South Carolina’s Public Schools Lose Big to Corporate Tax-Break Giveaways

September 15, 2020

Losses Surge 31 Percent in Two Years


Public school districts in South Carolina lost $423 million in property tax revenues during the 2019 fiscal year, due to tax abatements county governments granted to corporations.

That’s an increase of $99 million – or 31 percent – compared to just two years earlier, according to a new Good Jobs First report released today: “The Revenue Impact of Corporate Tax Incentives on South Carolina Public Schools.”

The property tax losses hit already-struggling districts hard: Six school districts with some of the highest poverty rates in the state, as measured by the share of students eligible for free or reduced-price lunch, each lost more than $2,000 per student. Four of those have majority Black plus Latino student populations.

The school districts are located in the counties of Dorchester, Greenwood, Chester, Orangeburg, Barnwell, and Calhoun.

“Our new findings confirm what we have long suspected: that the poor pay more, that corporate tax breaks often disproportionately harm historically disadvantaged communities,” said Good Jobs First Executive Director Greg LeRoy. “Thanks to recent improvements in government reporting standards, we have clear evidence of those inequities, district by district.”

Out of the 81 public school districts in South Carolina, at least 72 suffered some negative revenue impact. By dollar amount, the biggest losses were reported by Berkeley County School District and Greenville County School District—$54 million and $41 million, respectively. Eleven others lost more than $10 million each: They are located in the counties of Greenville, Charleston, Anderson, Aiken, Lexington, Spartanburg, Chester, Florence, Richland, Lancaster, and York (see the study for an Appendix with revenue losses by county).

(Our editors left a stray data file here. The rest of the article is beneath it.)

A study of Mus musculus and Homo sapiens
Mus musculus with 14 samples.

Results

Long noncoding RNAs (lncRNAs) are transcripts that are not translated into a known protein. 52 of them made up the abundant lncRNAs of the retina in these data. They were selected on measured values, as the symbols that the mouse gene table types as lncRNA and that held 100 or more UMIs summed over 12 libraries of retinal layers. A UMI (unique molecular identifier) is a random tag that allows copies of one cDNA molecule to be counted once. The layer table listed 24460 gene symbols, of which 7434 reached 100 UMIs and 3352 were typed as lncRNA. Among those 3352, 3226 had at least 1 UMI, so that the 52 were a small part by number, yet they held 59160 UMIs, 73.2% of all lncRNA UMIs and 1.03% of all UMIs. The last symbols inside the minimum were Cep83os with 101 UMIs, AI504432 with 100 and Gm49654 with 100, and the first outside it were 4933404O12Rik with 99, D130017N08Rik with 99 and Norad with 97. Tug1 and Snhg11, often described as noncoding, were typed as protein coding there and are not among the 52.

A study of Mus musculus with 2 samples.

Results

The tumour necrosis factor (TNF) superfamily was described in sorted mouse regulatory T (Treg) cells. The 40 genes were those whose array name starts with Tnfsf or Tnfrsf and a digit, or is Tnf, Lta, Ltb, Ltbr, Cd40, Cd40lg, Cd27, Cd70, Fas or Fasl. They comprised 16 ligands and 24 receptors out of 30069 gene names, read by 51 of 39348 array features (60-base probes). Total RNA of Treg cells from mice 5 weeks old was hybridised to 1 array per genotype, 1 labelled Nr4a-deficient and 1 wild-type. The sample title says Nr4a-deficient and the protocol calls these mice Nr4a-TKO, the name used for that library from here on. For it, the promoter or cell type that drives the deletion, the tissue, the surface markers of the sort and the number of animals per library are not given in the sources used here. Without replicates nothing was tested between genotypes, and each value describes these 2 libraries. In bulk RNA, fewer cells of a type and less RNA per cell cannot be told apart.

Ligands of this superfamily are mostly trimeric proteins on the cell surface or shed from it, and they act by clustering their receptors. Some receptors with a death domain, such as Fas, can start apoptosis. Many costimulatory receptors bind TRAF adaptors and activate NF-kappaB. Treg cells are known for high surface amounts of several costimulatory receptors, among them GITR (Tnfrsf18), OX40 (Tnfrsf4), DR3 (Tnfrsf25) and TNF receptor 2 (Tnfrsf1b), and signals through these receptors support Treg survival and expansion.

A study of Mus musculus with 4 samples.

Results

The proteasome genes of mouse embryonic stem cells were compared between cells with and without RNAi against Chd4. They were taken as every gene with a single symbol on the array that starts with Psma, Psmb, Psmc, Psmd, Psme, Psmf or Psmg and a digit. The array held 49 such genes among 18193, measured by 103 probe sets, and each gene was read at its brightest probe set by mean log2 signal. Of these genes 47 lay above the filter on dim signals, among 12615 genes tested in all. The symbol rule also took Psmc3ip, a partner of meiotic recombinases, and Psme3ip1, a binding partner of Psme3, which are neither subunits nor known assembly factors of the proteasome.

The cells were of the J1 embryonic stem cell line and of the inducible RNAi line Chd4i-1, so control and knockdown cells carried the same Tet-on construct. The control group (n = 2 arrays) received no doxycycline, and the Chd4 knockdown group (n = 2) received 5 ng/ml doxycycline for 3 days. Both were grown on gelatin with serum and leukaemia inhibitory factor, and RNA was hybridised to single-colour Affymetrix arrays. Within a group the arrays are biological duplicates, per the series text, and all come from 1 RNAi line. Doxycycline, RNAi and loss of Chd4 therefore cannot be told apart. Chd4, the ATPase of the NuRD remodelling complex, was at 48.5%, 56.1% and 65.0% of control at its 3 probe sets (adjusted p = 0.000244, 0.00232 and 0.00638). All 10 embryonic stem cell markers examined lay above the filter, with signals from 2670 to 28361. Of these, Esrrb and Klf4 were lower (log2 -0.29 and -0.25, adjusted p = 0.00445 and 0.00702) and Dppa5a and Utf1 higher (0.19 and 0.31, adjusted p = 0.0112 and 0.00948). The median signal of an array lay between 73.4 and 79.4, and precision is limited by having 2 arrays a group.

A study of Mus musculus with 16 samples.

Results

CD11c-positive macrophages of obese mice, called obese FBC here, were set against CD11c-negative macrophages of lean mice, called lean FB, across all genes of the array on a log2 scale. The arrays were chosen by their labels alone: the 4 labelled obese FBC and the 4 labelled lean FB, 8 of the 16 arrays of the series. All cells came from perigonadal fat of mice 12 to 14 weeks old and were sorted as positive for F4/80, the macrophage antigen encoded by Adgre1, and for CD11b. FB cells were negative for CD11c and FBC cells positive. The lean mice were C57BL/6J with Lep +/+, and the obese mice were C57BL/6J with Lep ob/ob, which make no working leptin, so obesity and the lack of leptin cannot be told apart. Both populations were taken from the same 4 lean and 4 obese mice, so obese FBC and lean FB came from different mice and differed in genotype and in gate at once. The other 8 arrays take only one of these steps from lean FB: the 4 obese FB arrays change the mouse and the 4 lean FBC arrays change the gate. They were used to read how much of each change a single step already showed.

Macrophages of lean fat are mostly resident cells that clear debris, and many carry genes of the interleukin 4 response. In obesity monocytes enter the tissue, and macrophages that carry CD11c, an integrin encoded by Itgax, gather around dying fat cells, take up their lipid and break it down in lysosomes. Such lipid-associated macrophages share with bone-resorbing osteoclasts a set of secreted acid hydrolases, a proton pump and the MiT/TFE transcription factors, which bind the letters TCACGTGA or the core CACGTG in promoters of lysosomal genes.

“Our members struggle to teach in crumbling schools with poor heating and cooling systems and a lack of reliable internet connections,” said The South Carolina Education Association President Sherry East. “It baffles me to continuously hear we don’t have enough money to fund our schools, yet this report shows we are diverting huge pots of money that could be available if we just consider tax reform in South Carolina.”

Good Jobs First obtained the information thanks to a relatively new reporting requirement, GASB Statement No. 77 on Tax Abatement Disclosures, which shows how much revenue governments lose to economic development tax abatements of all kinds.

The findings are part of a wide-ranging update to GJF’s 2018 study, The New Math on School Finance, which revealed school districts in 25 states lost at least $1.8 billion to economic development tax incentives granted corporations.

School districts in South Carolina lose revenue “passively”; that is, they don’t have a say in whether their money is given away because by state law, counties control abatements.

Good Jobs First has a series of recommendations for protecting the South Carolina’s most foundational economic development investment—its public education system—from corporate tax abatements. Those include exempting the school district portion of taxes from any economic development subsidies, giving school officials a role in determining when and how their money is given away and/or strictly capping the duration of abatements.

It also recommends a robust county-based disclosure system to ensure that costs and benefits are fully visible for each employer granted an abatement.

“An important thing to realize is, we don’t have the full picture of what communities actually get in return for these subsidies because of the lack of transparency around these deals,” East noted.

Good Jobs First, based in Washington, DC, is a non-profit, non-partisan resource center promoting accountability in economic development and overall corporate accountability.